We Should Eliminate Vacation Policy—and the Rest of Bureaucracy with It
JANUARY 2, 2010Isaac reacts on the comments to Brian’s TBI article:
I cannot but agree with all the previous commentators who warned that dismantling Vacation Policy might be abused by many bosses (and some employees as well). Indeed, such dismantling can succeed only when it’s done as a part of the overall dismantling of bureaucracy in a company.
What Brian could not say in his short article but explained in our book Freedom, Inc. (full disclosure: I’m his co-author) is that not only Vacation Policy should be dismantled but practically ALL policies. Here is an excerpt from the book’s draft on what they dismantled:
“Most freedom-based companies have no organizational charts. Most have no reserved parking or corner offices for executives. Some have no assigned executive offices: everyone, including the CEO, simply selects an open desk. Some have no fixed seating arrangement and don’t cluster desks by department. Some remove the ceilings and install stairs to increase mobility and communication among people. Some have meeting rooms named not after presidents, scientists, or artists but simply after their senior employees—often secretaries. None have time clocks. Most allow employees to set their own work times and some even allow them to set their own salaries. Some have no managers. Some have no titles or ranks. Many allow employees to pick their leaders, and choose their own job descriptions, and in essence invent their own jobs. Some have no Human Resources department. Some have no budgets or even a Finance department. Most have no long-term planning process.”
It isn’t theoretical; it has been practiced by dozens of the highest-performing companies in their industries for decades. The point again is not replacing Vacation Policy by some other policy, nor solely dismantling it. The point is to dismantle the bureaucracy altogether and replace it not by anarchy of every-man-for-himself (which paradoxically is what truly is going on in bureaucracies despite—indeed, because of—all their policies) but by a small set of “unwritten” rules and a freedom and responsibility of every employee to act in a way he or she deems is the best for the company. For those interested in how such freedom-based companies have been built, consult our book.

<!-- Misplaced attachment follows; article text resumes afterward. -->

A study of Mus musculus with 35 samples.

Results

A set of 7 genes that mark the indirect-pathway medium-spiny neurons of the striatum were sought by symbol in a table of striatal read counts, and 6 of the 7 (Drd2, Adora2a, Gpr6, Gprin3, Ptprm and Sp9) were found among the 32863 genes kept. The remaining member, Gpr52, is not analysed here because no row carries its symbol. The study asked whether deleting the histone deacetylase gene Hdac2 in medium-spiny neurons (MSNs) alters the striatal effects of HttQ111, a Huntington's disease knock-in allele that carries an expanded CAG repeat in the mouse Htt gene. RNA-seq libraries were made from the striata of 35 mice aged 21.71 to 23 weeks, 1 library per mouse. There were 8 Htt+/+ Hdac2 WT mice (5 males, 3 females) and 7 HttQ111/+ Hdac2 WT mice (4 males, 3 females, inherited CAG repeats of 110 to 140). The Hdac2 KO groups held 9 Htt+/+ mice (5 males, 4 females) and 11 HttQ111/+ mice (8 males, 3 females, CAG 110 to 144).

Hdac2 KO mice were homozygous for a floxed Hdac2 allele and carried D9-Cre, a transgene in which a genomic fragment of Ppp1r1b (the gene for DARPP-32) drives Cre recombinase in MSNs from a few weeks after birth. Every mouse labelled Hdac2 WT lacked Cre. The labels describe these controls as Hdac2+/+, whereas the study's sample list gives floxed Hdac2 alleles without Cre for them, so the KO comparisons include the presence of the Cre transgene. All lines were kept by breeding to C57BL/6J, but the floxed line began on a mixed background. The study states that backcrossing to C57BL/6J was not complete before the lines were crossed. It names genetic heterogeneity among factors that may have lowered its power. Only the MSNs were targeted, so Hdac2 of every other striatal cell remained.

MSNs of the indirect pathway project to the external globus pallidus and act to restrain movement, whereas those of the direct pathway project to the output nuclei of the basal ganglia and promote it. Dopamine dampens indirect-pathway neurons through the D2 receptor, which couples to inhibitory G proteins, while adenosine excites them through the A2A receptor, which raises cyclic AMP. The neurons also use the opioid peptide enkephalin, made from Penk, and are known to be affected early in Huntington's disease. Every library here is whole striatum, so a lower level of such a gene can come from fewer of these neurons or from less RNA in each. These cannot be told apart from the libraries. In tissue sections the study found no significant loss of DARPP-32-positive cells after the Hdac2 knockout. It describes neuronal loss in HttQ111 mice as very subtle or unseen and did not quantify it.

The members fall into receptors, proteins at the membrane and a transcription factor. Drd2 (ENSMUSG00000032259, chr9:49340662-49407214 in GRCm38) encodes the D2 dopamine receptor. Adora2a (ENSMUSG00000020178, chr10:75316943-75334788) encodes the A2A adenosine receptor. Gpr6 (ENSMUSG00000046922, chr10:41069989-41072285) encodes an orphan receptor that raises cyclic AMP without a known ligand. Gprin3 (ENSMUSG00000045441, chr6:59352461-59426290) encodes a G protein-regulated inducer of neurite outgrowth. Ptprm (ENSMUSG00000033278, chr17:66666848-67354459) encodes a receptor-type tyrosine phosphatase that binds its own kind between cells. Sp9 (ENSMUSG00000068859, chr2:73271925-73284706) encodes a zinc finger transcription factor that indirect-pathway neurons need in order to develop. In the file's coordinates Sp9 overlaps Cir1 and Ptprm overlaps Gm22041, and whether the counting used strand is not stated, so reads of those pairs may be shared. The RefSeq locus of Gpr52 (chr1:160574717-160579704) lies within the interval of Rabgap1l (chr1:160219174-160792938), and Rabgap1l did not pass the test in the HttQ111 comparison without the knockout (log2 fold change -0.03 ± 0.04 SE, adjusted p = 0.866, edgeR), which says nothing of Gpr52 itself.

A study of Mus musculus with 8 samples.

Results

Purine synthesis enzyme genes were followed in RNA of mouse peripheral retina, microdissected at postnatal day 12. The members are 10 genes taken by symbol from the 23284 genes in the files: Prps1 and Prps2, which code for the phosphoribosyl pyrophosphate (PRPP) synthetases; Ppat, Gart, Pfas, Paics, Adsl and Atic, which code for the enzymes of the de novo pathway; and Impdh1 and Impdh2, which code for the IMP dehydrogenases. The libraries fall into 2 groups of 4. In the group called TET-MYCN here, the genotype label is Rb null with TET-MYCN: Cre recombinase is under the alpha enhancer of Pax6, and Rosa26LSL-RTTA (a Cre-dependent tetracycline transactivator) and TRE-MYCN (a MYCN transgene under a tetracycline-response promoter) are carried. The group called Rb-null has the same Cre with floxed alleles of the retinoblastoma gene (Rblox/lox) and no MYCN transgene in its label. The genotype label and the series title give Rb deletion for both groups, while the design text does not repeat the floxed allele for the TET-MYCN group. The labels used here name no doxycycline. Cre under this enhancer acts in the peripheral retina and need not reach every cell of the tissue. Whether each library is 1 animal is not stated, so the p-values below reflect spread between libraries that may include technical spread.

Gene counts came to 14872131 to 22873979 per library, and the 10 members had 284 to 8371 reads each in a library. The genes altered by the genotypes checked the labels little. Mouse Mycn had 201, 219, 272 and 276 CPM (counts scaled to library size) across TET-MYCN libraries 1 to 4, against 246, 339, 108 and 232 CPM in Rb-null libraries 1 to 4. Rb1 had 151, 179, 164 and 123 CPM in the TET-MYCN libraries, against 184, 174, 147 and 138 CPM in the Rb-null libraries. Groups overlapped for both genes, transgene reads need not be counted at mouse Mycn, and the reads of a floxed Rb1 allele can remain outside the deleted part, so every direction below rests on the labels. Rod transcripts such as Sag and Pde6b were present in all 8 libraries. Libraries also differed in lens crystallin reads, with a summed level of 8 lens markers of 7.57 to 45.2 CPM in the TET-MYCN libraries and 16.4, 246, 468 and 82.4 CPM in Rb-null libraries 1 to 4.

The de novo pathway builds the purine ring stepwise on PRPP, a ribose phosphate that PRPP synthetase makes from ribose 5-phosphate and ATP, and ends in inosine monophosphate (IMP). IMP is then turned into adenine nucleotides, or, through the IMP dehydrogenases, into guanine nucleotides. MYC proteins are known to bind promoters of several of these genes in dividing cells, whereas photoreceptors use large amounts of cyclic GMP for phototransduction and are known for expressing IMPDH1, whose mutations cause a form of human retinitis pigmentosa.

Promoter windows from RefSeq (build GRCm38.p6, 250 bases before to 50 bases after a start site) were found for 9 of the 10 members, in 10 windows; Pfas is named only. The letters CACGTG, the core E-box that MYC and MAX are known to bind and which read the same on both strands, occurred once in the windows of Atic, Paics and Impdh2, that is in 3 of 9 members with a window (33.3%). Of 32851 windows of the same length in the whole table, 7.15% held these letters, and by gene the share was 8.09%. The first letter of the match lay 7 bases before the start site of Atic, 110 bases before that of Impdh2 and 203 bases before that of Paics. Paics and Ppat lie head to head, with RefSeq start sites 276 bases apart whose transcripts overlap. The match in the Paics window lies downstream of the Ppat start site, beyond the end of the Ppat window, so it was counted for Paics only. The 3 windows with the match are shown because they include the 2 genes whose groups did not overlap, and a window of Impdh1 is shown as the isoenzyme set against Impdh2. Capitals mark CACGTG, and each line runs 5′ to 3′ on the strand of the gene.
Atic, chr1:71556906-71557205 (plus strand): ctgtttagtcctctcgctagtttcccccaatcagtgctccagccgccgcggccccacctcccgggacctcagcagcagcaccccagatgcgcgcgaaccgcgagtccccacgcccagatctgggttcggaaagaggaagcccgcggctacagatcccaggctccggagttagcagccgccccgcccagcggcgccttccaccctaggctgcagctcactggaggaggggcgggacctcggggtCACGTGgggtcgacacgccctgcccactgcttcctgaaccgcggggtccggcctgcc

3 thoughts on “Isaac reacts on the comments to Brian’s TBI article”
So: an atomized society of lonely robots with no job security, no predictability in the workplace, no collective sanctioned status asciption (and ultimately no holidays!). The awful thing is that this is the final logic of Americanization.
Thanks Dan, for your comment.
You are right about “atomized robots.” Some of the liberating leaders we described in our book call them “automatons,” and Scott Adams became famous depicting these “cubicle slaves.” Alas, that is the CURRENT situation in the vast majority of companies in all developed countries (it’s worse, in the underdeveloped ones).
What the liberating leaders did was namely creating corporate environments where people are treated as human beings instead of as “lonely robots.” You can read some reviews of our book on this site but better, of course, is to read the book to learn about these exceptionally humane companies.